June 2021, Lenny has 4 wheel arches and foot wells, the light carrier has been replaced, the pin on the top of the gear box has been replaced, the calipers have all been refurbished, he has new sills (thank you to Donks Customs, Chris), the rear drivers side window also works, he has a new headliner, all the lights work (occasionally!), he has been painted green, the boot now stays closed and the tailgate no longer has a hole!
BUT, with all this positive-ness, he has developed a few more issues… It is a Land Rover, so when you fix one thing, something else breaks! Where do I even begin with his list of things that now need fixing…
· Swivel ball seal needs replacing
· Sun roof is leaking
· Engine oil leak
· Front brake lines
· Front caliper refurbish
· Central locking system
· Ignition barrel
· Rear floor needs welding down
· Electrical Issues – Every time I hit a bump the radio turns off, I hit a bump and my headlights are on I lose all lights, when I need to indicate I have to hold the hazard switch down, when I need to use the hazards I have to put the fuse in. A random 12v disappears when it shouldn’t.
· Replace the door locks
· Replace indicator stalk
· Replace the entire suspension system
So not too many problems.
The most important thing that was on the list to repair was the sills, they were rotten through, had been patched and badly welded with half a tonne of seam sealer over the top to cover up any imperfections.
Chris (Donks Customs) came and took off the previously badly welded sills, wheel arches and a small amount into the floor pan. Although it did the job for the time being, it was not just safe anymore, the centre of the car had dropped to the extent the doors were struggling to shut and open again. We took the rear doors off, propped up the door pillars and we could see they had dropped about an inch roughly. After taking the rock sliders off and cutting out all of the rusty sills and a small amount on the floor pan, Chris propped up the door pillars and welded the new sills into place. The passenger side was not too bad in comparison to the drivers side. The n/s sills were chopped away, new sills in place all within 9 hours! The drivers side on the other hand took way longer than expected – 17 hours of grinding, cutting, measuring, patterns, plating and welding later Lenny has new sills and Chris has a newfound dislike towards Lenny! Haha.
Although I didn’t get involved very much – I made the coffee, cooked dinners and passed him the tools, I have learnt a hell of a lot. The main one being, it isn’t as difficult as people make out, yes it does take a long time and a lot of hard work and funny coloured showers in the evening, but all in all, it was not too bad. Also, having an experienced welder helps… haha.
Doing the sills were a task that I have been dreading since I bought the car, the previous MOT’er said that they need to be done prior to the next MOT, although not bad at the moment, they will certainly deteriorate very quickly now. I didn’t realise how bad of a state the sills were actually in until we took the old ones off! We could see why the car was starting to dip, before I bought the car they had welded new metal over the top of the existing sills (that were never going to hold the car up!), nothing had been treated, the bare metal was still showing and the new metal had started to rust on the edges.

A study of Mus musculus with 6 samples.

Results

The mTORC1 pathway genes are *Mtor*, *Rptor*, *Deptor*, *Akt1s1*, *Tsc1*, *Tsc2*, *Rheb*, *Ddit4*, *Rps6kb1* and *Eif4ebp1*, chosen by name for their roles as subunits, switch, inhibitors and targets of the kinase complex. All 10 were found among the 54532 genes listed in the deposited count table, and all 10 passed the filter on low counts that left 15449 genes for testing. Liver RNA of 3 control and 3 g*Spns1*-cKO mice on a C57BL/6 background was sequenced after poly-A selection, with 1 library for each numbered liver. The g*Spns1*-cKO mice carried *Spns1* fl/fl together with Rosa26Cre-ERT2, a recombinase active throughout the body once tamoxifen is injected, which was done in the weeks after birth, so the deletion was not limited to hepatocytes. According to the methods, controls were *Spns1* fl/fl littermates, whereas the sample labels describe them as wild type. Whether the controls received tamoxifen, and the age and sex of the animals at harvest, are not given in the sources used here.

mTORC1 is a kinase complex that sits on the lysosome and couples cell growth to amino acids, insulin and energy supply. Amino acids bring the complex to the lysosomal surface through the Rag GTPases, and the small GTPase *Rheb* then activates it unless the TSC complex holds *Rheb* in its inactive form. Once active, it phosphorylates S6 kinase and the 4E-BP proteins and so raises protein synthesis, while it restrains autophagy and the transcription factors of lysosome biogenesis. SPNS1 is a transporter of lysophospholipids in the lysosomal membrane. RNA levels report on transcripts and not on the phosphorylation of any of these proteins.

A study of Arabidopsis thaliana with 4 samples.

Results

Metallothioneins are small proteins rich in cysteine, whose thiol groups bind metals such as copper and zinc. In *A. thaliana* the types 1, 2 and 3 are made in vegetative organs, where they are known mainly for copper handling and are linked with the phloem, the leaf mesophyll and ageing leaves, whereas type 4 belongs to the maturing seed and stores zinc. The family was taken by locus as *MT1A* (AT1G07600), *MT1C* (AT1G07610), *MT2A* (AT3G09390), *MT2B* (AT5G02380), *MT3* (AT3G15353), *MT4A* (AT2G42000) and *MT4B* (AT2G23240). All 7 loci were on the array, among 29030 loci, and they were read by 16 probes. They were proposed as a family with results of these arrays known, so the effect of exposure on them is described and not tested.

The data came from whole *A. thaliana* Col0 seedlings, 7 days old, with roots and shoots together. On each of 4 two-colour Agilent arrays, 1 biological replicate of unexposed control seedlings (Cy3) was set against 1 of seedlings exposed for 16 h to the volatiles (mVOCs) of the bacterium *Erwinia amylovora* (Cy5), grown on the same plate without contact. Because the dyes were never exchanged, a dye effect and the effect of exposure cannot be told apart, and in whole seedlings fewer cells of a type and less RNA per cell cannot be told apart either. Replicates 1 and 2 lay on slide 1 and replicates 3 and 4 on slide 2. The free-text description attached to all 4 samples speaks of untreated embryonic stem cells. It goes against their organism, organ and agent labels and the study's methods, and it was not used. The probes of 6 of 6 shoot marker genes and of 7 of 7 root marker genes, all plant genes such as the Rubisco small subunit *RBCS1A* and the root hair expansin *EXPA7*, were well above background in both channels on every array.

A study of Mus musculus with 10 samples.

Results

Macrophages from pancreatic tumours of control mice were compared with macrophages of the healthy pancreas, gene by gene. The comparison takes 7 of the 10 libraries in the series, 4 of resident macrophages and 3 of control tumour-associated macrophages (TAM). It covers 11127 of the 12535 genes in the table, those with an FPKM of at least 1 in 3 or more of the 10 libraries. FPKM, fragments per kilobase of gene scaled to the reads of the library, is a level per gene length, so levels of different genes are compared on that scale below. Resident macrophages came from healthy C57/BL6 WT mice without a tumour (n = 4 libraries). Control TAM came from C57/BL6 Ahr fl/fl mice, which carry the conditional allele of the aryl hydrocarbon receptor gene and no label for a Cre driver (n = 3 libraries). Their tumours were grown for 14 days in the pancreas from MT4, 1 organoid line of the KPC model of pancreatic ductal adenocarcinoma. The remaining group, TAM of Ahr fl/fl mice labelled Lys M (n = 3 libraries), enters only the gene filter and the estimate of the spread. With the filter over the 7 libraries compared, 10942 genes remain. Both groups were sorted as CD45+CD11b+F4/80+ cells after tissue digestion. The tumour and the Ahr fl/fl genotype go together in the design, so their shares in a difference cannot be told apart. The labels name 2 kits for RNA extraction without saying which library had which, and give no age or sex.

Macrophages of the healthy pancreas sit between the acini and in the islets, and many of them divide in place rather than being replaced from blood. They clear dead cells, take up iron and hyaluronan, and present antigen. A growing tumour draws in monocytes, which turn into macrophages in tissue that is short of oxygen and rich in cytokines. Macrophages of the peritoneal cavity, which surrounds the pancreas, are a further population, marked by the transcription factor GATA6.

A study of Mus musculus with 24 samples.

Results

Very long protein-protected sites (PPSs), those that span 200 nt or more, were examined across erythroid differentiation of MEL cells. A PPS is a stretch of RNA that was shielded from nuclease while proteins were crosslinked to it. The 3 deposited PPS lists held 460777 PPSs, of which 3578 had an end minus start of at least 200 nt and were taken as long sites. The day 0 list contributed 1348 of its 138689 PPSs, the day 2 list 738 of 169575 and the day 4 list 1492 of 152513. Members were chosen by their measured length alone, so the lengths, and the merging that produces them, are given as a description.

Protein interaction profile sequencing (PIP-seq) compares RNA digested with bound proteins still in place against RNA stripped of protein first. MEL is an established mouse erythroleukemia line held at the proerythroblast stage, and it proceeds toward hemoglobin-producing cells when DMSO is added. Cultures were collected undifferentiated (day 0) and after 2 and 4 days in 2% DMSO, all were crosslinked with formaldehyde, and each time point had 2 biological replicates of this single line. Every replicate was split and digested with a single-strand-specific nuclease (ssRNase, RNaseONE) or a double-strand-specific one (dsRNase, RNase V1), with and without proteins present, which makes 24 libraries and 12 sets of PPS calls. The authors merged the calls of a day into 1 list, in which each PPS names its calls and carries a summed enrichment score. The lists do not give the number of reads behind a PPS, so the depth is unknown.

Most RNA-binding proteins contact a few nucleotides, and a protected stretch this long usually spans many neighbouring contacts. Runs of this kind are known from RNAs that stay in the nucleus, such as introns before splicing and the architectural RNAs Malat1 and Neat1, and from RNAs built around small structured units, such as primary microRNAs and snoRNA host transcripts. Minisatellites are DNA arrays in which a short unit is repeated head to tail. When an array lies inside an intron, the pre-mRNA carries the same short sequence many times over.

Chris did an absolutely fantastic job in the short space of time we had the use of a workshop for. Working so hard to be out by 8am on Monday morning! We ended up finishing at 5am! I just could not sleep so I got back up and painted the sills – I then proceeded to ‘rest my eyes’ under the car!
Lenny has new sills and looks amazing, he drives better (I don’t even know if the sills make a difference) and is stiffer, doesn’t feel like there is any give in sills now and more importantly, the doors shut and open first time! Chris lined up the doors and latches too.
Is this a job I would take on again?
Yes! Although I didn’t do anything, I watched Chris from start to finish do the sills. I now have the confidence to be able to do this for myself in the future, I didn’t realise how much work it was going to be, but also, as Chris said “He isn’t that bad!”, I don’t think I want to see what a ‘bad sill’ looks like!
I bought the sills from a company called ‘DDS Metals’ who specialise in Land Rover panels from Series 1, 2, 2A, 3, Defender 90/110, Range Rover Classic, Discovery 1 and 2, all the off roading parts including turrets, beading, bumpers and winch bumpers etc. Based in Coventry, they send their parts out for delivery all over the world. They are a fantastic company!
Both inner and outer sills to both sides have been fitted, welded and painted, the rock sliders will go back on in the coming weeks and then he is ready for a little off roading, maybe.
The next job on Lenny will be to re-spray the bodywork, tint the windows, build a roof rack, fit the internals – cooker, leisure batteries, solar panel and various other things!
The time-lapse video of Lenny’s sills will be added to YouTube once the rock sliders have been added and you can see the whole process from start to finish!